Saint Hyacintha Mariscotti
Saint Hyacintha Mariscotti
Born 1585, Vignanello, Italy
Died 30 January 1640, Viterbo
Venerated in Roman Catholicism
Canonized 1807 by Pope Pius VII
Feast 30 January or 6 February, in Rome

Saint Hyacintha Mariscotti or Hyacintha of Mariscotti (in Italian Giacinta Marescotti) was a nun of the Third Order of St. Francis. She was born in 1585 of a noble family at Vignanello, near Viterbo in Italy, and died 30 January 1640 at Viterbo. Her feast is 30 January; in Rome, 6 February (Diarium Romanum).

Her parents were Marc' Antonio Mariscotti (Marius Scotus) and Ottavia Orsini. At baptism she received the name Clarice and in early youth was remarkable for piety, but, as she grew older, she became frivolous, which not even the almost-miraculous saving of her life at the age of 17 could change, nor her education at the Monastery of St. Bernardine at Viterbo, a religious community of Franciscan tertiary nuns, where an older sister had taken the veil.

At the age of 20 she set her heart upon marriage with the Marquess Cassizucchi, but was passed by in favour of a younger sister. Disappointed, she entered the monastery in Viterbo where she had been educated, receiving the name Hyacintha. She admitted later that she did this only to hide her chagrin and not to give up the luxuries of the world. She kept her own kitchen, wore a habit of the finest material, and received and paid visits at pleasure.

For ten years, she kept up this life, in defiance of her vows, but at the same time, retained a lively faith, was regular in her devotions, remained pure, always showed a great respect for the mysteries of religion, and had a tender devotion to the Virgin Mary. Due to a severe illness, the priest who was the confessor to the monastery went to her cell to bring her Holy Communion. Shocked by the display of luxuries he saw there, he admonished her to a closer observance of the way of life to which she had committed herself.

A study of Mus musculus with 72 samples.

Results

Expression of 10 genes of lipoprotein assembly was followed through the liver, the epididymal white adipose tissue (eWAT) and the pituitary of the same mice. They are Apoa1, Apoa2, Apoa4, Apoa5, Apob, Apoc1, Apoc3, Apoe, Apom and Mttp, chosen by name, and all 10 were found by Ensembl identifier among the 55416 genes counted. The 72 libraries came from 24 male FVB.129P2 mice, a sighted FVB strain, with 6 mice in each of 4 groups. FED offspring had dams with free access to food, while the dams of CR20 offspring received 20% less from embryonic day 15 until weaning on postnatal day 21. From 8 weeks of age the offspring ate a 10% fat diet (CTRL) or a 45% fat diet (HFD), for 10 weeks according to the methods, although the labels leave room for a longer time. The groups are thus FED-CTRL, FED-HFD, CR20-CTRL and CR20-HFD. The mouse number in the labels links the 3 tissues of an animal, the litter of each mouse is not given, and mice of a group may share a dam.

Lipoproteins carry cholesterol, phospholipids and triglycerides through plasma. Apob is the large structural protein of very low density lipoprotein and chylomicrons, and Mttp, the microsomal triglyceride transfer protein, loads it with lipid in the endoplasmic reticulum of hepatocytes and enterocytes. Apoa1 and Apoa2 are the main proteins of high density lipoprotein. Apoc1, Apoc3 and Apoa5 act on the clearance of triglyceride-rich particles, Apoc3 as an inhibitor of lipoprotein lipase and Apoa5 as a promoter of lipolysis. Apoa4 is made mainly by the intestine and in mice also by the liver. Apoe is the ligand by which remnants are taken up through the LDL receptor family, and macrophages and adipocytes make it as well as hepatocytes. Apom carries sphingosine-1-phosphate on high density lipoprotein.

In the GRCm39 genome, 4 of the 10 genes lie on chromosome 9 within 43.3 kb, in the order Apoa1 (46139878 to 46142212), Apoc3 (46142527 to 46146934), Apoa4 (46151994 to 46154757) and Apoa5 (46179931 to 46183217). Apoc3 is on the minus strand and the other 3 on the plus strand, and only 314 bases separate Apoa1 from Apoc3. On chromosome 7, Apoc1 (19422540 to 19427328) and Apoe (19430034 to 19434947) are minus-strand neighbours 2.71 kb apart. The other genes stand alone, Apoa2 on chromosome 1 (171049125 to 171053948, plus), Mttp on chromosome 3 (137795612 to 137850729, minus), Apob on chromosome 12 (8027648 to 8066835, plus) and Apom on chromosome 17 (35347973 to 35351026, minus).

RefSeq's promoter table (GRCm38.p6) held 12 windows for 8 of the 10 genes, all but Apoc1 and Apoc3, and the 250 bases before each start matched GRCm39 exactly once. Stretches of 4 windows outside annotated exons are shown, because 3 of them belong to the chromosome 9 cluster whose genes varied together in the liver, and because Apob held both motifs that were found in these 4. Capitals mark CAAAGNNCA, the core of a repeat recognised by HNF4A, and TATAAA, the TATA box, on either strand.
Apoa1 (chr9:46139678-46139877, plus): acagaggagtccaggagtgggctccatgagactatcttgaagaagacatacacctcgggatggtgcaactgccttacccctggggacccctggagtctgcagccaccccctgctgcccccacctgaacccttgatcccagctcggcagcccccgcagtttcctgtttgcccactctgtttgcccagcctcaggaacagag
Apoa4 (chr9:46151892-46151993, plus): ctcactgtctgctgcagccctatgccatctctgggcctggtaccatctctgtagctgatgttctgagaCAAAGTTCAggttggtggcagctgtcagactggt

She saw the folly of the past and enacted a complete change in her life. She made a public confession of her faults in the refectory, discarded her costly garments, wore an old habit, went barefoot, frequently fasted on bread and water, chastised her body by vigils and severe scourging, and practised mortifications to such an extent that the decree of canonization considers the preservation of her life a continued miracle. During the outbreak of a plague in the city, she became noted for her devotion in nursing the sick. She went on to establish two confraternities, whose members were called Oblates of Mary or "Sacconi". One of these, similar to the Society of St. Vincent de Paul, gathered alms for the convalescent, for the poor who were ashamed to beg, and for the care of prisoners; the other procured homes for the aged.

Her reputation for holiness was so great, that, after her death, her habit had to be replaced three times due to pieces being snipped off for relics by the people.

External links

This article incorporates text from the Catholic Encyclopedia of 1913, a publication now in the public domain.